What Chinese Want
By Tom Doctoroff
China, whether considered as a market, a competitor or a geopolitical entity, is so large that one can easily fall into the trap of seeing it only in stereotypes. It takes long and close exposure to be able to describe the country at a useful level – and fortunately this is what Doctoroff, with 14 years of experience in the role of Greater China CEO for the global marketing firm J Walter Thompson, brings to the table. He also gets out of the boardroom and into the community, drawing lessons from friends and neighbours as much as clients and colleagues.
Doctoroff has a lot to say about marketing to Chinese consumers, although he sets it against a broad canvas. Trying to build brands or sales campaigns around emotional themes, often successful in the West, simply does not work in China. The key is the search for status: for example, cars are advertised on the basis of what they will make other people think, not on how the cars drive or how they make the buyer feel.
This links to a Confucian desire for order and stability, although it is very much an order imposed from above, whether the government or the family patriarch. The Chinese reluctance to stand out means that innovation proceeds slowly, if at all. In terms of managing Chinese workers, rote obedience is valued more than independent thinking. Managers should also expect to spend a good deal of time on personal counselling, as employees look to supervisors for advice on a wide range of issues.
Doctoroff dismisses any suggestion that China is becoming more Western in values. Most Chinese see dissidents and free-thinkers as little more than cranks and are broadly happy with the existing political arrangements. While the Chinese have adopted Western holidays such as Christmas, they are seen more as selling opportunities than religious events.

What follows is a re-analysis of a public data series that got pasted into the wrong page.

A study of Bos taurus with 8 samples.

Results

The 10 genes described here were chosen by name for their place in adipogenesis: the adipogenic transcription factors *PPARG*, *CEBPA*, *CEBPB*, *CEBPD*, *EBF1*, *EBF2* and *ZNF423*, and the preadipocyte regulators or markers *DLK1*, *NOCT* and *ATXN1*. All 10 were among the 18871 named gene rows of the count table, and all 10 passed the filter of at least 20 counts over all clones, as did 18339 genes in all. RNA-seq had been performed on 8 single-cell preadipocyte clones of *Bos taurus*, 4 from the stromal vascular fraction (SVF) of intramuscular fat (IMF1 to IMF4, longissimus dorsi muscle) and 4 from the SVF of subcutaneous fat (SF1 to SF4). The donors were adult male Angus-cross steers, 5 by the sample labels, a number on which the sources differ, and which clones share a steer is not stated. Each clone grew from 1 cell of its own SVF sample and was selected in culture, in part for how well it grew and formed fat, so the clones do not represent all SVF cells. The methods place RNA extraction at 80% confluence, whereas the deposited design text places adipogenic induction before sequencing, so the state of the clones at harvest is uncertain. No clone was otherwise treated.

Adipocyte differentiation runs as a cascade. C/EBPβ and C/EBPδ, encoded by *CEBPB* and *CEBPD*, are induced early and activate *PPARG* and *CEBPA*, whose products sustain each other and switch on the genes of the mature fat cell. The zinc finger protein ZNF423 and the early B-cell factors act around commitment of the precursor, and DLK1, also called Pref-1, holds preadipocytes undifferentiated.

Doctoroff does not believe radical change is likely in China, at either the cultural or political level. There is simply no great demand for it: most Chinese take the view that there is no point in fixing something that is not broken. Doctoroff, by and large, agrees. The Chinese system would not work for everyone, he says, but the point is that it works for China.
By Adele Ferguson
Rinehart, riding Australia’s mining boom, is on her way to becoming one of the richest women in the world – if she is not there already – yet is often better known for the venom and complexity of her family’s legal battles. For a long time she was extremely close to her father, legendary mining magnate Lang Hancock, but they spectacularly fell out over marriage choices (although she inherited assets worth about A$600 million from him). Rinehart, after decades of growing her interests in the iron ore business, recently began to expand into the media sector. Her reasons for this move are not yet clear. Determinedly private and known for being litigious, Rinehart did not cooperate with Ferguson and as a result the book, while well‑researched, seems strangely without a centre or real focus. In the circumstances this is not a bad book, but there is a sense that the full story is still to be told.
Sleeping with Your Smartphone
By Leslie Perlow
Harvard Business Review Press, A$34.99
Having employees connected to the workplace on a 24/7 basis might initially seem like a good idea, but Perlow argues that eventually it saps energy, lowers morale and leads to poor decisions.
Smartphones and comparable technologies can have an addictive quality and changing to better practices is best done through a firm, organised process. She sets out a program to manage time more effectively and points to “predictable time off” as a key issue. Perlow also notes that a better approach to work hours will not only improve the output of existing employees, but will also make the firm more attractive to the people it needs to recruit for long-term success.
This article is from the October 2012 issue of INTHEBLACK magazine.